The Lakers’ recent 9-5 run of play — led by an MVP-level stretch from Anthony Davis — has shown the potential Darvin Ham saw in this team, with a top-10 offense and a solid defense leading the way over those 14 games. The Lakers have looked like a quality playoff team of late.
The run has also shown the Lakers’ limitations. The biggest of those issues remains shooting — the Lakers have shot better over the last 14 games, hitting 34.2% on 3-pointers, but that is still 20th in the league (and the Lakers don’t take a lot of 3s, 29th in the league in attempts over that stretch). The Lakers need shooting and they need wing depth.
Enter Bojan Bogdanovic.
The Lakers pursued him over the summer and are still in talks with Detroit about him, according to multiple reports Monday. First, from Marc Stein’s latest newsletter.
Sources say that the Lakers recently offered a trade package to Detroit for Bogdanović centered around one future first-round pick with unspecified draft protections attached.
The Pistons have to date declined those overtures, sources add, insisting on a fully unprotected future first from the Lakers to seriously entertain a Bogdanović swap. Detroit, in fact, continues to tell interested teams (and there are several) that it wants to keep Bogdanović, who is averaging 21.0 points and shooting 50.8% from the field (43.7% on 3-pointers) as a Piston.
The Lakers are prioritizing shooting in their conversations with teams, and have discussed packages including salaries and a protected first-round pick for Detroit’s Bojan Bogdanovic, league sources, who were granted anonymity so that they could speak freely, tell The Athletic. They’ve also discussed concepts involving New York’s Cam Reddish and Evan Fournier, sources said…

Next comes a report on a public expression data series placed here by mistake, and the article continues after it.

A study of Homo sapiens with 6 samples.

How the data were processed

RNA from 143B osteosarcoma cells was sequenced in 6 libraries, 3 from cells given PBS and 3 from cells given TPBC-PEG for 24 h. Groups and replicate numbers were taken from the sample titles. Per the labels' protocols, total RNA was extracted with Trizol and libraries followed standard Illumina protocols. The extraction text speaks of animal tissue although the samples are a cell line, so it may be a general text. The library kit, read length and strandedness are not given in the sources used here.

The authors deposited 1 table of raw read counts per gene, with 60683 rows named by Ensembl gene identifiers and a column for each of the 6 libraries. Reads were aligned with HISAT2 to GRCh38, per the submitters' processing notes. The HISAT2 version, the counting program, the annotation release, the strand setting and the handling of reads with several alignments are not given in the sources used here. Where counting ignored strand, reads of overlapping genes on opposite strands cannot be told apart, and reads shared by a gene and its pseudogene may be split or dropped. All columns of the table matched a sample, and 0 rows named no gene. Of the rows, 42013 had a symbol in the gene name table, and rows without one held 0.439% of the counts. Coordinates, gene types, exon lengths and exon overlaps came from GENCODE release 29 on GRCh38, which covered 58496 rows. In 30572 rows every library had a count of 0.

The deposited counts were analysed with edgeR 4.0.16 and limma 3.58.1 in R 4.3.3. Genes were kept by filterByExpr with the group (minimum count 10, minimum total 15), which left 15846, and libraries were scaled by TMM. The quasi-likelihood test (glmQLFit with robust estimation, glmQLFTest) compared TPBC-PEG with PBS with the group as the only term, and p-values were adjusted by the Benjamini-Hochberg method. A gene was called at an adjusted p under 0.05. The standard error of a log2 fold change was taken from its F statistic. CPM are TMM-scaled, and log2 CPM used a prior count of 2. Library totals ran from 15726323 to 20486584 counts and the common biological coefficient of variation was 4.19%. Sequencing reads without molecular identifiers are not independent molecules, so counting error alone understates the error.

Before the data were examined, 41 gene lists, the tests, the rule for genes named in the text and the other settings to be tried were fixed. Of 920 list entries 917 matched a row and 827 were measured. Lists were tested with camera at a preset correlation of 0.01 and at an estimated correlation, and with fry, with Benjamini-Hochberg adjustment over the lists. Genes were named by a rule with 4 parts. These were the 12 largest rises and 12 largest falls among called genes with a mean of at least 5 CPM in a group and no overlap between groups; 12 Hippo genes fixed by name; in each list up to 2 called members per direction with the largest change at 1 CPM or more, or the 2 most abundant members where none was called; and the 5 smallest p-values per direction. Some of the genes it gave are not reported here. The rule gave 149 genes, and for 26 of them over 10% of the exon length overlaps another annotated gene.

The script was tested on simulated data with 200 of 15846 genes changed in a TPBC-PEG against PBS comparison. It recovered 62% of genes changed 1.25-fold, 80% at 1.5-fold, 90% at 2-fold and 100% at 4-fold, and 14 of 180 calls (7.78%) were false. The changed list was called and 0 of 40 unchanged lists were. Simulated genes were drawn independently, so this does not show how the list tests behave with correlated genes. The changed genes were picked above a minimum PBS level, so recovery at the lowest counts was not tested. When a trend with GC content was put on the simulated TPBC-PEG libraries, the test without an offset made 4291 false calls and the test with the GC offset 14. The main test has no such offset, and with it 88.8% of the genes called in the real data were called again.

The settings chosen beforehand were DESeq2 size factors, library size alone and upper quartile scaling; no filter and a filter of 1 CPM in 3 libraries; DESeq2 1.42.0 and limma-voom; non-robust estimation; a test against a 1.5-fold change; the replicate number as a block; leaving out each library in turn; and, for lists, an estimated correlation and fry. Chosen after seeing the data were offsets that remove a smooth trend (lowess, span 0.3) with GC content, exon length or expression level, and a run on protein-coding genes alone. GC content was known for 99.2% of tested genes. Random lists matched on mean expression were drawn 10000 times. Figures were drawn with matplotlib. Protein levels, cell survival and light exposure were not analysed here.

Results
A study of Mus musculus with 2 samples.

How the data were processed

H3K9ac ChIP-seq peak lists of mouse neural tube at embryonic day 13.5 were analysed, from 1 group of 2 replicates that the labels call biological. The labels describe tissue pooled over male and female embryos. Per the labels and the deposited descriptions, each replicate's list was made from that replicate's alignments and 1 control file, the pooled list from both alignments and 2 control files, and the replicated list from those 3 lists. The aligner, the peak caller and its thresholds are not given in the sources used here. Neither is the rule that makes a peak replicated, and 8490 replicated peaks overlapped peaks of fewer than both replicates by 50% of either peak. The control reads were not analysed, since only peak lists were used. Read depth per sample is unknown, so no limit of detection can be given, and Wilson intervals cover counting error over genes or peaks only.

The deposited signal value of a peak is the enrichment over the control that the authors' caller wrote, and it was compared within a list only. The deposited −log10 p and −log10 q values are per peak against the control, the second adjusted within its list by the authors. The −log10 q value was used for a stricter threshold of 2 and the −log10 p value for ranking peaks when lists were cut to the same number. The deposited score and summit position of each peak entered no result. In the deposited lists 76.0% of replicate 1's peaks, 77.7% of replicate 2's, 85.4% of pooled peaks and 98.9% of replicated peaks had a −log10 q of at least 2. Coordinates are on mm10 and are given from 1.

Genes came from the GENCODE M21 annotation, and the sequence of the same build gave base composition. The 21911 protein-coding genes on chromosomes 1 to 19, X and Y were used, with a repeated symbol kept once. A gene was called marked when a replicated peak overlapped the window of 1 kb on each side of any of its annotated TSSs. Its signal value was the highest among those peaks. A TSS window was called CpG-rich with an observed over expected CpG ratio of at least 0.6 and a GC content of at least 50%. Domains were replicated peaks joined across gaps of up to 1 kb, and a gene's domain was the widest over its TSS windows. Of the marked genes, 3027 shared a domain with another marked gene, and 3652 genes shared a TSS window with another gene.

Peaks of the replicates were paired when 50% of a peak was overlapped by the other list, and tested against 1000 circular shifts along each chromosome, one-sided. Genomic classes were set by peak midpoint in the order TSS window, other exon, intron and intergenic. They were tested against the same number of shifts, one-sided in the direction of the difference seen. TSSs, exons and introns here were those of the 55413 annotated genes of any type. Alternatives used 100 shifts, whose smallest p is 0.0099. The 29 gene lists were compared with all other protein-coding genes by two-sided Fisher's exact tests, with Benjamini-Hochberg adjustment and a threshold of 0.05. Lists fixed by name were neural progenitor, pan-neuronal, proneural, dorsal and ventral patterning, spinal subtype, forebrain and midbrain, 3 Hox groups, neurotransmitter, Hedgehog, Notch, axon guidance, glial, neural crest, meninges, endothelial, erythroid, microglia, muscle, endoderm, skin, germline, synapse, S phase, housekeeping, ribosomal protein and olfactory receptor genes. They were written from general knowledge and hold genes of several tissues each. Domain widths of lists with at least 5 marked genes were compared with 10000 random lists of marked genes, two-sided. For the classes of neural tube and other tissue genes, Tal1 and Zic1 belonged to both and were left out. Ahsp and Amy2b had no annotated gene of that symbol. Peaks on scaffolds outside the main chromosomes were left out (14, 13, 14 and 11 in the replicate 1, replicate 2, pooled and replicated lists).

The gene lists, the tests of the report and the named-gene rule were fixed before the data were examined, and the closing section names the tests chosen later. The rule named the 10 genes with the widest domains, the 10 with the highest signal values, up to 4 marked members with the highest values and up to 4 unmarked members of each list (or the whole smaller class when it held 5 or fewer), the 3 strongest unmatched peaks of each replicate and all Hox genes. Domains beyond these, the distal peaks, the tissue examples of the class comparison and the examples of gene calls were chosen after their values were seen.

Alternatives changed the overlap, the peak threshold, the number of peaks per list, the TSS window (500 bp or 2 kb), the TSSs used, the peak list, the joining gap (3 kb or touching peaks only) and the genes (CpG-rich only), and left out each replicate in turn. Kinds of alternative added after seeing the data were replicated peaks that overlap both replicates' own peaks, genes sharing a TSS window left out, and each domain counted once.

While Bogdanovic is a target for the Lakers — they are among roughly a dozen teams to inquire about him, offering first- or second-rounders — Detroit is showing no urgency about moving him. In fact, the Pistons have expressed to rival teams a significant reluctance about moving Bogdanovic, sources said.
The Pistons were projected to contend for a play-in spot this season, but with Cade Cunningham for an extended period — possibly for the season if he undergoes shin surgery — and the team already having the worst record in the NBA, a pivot toward the lottery in a deep draft season makes sense. As does moving on from Bogdanovic, who has been the kind of veteran locker-room leader the Pistons need around their young stars, but he may be too valuable as a trade chip.
The Lakers can get the trade done by sending Patrick Beverley and Kendrick Nunn to Detroit, but the Pistons are wisely demanding an unprotected first-round pick as part of that package. The Pistons have the leverage: Detroit can happily hold on to Bogdanovic into the summer or next season, he’s averaging 21 points a game and shooting 43.7% from 3-point range, and the Lakers need to win now around Davis and LeBron James, who turns 38 in a few weeks.
Detroit also has multiple suitors for Bogdanovic, there is no reason for them to rush to make a trade, let the market shake out, hope for a bidding war, and see what happens.
The Lakers continue to explore trades that could send out Russell Westbrook, but league sources told NBC Sports it’s unlikely Los Angeles finds a trade that works for them — the sweeteners needed to move his $47.1 million contract, even with him playing solidly off the bench, make the price too high for the Lakers’ taste.
The Lakers have other targets for smaller deals as well, with Cam Reddish of the Knicks being high on the list, and they also need depth and length along the front line to back up Davis. Still, Bogdanovic is the best fit. This will likely play out for a while, until much closer to the Feb. 9 trade deadline, but the Lakers are in on Bogdanovic.